Helping young students develop financial literacy

Bank of America Delaware market president Chip Rossi participated in Teach Children to Save Day, teaching a savings lesson to third and fourth graders at New Castle Elementary School.

During the week of April 25, over 250 volunteers from banks including Bank of America, Capital One and TD Bank taught nearly 7,200 students in over 65 public, private, and parochial schools, throughout Delaware. Over 90 percent of Delaware’s banks participate in the event, the highest participation rate in the nation. Bank of America volunteers led the way with the highest number of volunteers for this popular day of financial literacy.

Bankers visit classrooms across the state to teach a lesson on saving and wise uses of money. Each year the governor signs a proclamation at an elementary school declaring the entire week, Teach Children to Save Week.

To help make financial lives better, the bank is committed to giving young people around the world the aspirations, the skills and the confidence to make the most of opportunities available to them.

Mr. Rossi leads Bank of America’s civic and philanthropic efforts for Delaware and reaffirmed the bank’s emphasis on education with the donation of one of the bank’s buildings four years ago, which resulted in the creation of the Community Education Building.

Mr. Rossi is dedicated to educating future generations and preparing young people to lead productive lives in the workforce.

“To help students achieve financial security, I try to teach lifelong skills such as how to save for their future goals and learn to stay within their budget,” Rossi said. “I always tell students to follow three rules when in a work environment: be on time, do the job to the best of your ability and have a positive attitude.”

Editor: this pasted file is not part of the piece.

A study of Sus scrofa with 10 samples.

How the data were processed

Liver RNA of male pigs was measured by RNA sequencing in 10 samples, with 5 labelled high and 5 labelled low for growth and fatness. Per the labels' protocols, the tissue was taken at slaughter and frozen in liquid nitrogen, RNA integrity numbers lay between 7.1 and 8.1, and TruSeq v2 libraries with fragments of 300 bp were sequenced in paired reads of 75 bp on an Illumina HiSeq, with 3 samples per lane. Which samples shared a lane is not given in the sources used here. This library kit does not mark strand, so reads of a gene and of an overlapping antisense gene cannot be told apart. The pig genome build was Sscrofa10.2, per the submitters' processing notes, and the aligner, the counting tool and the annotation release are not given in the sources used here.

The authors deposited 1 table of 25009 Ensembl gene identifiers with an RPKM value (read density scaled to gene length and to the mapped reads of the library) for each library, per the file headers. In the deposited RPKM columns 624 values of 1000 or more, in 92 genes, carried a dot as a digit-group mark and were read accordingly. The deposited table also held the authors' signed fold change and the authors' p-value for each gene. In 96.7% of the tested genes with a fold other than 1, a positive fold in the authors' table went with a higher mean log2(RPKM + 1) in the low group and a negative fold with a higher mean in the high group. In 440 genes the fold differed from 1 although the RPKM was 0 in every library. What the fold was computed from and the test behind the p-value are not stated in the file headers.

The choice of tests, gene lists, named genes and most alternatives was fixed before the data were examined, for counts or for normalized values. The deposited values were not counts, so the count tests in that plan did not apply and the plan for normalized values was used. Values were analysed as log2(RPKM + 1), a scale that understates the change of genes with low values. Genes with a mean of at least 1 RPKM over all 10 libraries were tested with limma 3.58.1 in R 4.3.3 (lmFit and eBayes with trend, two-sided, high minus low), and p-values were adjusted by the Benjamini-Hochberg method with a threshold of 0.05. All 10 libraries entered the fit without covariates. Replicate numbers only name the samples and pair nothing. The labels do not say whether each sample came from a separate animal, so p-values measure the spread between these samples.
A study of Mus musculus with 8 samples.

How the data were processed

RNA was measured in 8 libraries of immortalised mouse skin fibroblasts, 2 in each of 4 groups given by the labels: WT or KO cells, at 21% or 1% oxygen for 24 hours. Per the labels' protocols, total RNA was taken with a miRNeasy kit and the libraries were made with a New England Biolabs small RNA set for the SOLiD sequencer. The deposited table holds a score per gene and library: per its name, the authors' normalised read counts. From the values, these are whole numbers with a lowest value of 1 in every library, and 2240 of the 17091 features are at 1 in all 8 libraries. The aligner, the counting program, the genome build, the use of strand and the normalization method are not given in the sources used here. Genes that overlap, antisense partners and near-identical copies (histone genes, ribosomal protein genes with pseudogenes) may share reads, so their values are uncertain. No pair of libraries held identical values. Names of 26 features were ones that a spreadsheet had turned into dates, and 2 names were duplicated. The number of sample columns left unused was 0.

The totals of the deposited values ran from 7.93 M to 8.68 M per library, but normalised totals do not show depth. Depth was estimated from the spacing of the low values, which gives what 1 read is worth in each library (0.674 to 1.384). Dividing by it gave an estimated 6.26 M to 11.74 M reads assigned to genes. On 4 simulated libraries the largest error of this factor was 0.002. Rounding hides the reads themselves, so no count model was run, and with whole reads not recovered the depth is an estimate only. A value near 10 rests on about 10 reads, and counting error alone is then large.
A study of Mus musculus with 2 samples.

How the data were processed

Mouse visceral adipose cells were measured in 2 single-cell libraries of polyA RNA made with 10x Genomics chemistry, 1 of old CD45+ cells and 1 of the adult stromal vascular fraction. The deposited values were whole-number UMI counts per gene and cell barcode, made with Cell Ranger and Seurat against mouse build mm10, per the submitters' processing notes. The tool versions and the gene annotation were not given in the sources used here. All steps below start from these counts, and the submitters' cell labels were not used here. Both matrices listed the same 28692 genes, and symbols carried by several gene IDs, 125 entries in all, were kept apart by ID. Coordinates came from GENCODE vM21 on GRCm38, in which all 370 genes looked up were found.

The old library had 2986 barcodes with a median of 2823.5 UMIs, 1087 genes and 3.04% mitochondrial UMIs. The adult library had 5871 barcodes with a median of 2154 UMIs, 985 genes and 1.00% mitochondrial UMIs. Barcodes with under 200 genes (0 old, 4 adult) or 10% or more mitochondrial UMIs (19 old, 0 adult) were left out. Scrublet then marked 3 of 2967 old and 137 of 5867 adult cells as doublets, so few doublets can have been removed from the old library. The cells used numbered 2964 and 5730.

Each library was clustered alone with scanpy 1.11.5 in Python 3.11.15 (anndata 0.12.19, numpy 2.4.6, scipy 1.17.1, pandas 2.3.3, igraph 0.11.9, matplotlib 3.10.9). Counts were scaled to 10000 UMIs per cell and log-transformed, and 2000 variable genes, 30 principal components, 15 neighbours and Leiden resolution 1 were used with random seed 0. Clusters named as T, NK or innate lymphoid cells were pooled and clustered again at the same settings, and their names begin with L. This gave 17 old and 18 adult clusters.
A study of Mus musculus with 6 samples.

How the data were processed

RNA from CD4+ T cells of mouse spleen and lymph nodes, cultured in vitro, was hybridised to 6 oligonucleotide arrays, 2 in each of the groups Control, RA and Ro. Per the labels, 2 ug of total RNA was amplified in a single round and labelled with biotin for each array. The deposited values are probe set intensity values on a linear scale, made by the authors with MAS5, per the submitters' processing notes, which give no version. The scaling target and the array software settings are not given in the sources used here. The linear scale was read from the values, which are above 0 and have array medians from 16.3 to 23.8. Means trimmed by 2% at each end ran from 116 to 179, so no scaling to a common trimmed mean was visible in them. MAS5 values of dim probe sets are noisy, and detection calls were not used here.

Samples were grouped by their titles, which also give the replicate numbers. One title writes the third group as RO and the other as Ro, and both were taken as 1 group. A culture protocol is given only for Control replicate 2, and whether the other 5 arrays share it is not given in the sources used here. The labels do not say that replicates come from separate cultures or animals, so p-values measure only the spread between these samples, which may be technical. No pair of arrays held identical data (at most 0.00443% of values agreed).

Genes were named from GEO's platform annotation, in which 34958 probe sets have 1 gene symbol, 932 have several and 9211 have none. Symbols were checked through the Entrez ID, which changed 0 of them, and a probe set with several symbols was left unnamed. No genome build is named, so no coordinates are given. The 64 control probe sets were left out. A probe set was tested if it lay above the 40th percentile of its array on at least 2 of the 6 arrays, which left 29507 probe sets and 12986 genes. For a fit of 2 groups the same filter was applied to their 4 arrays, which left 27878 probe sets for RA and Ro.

This event is just the latest in a number of financial education initiatives the bank supports in Delaware. For example, we partner locally with the Center for Economic Education & Entrepreneurship to support teachers with personal finance curriculum tools that are taught in many of Delaware’s high schools, and provide personal finance education to more than 600 University of Delaware freshman students annually. The bank also supports programs like Junior Achievement.

Teach Children to Save Day was first held in Delaware in 1998. It’s a part of a nationwide financial literacy effort that works to educate elementary school students throughout Delaware, while targeting those from low- to moderate-income communities, on the importance of saving as the basis for future financial security. Through the program, children are encouraged from a young age to develop the habits that will help ensure their future economic independence.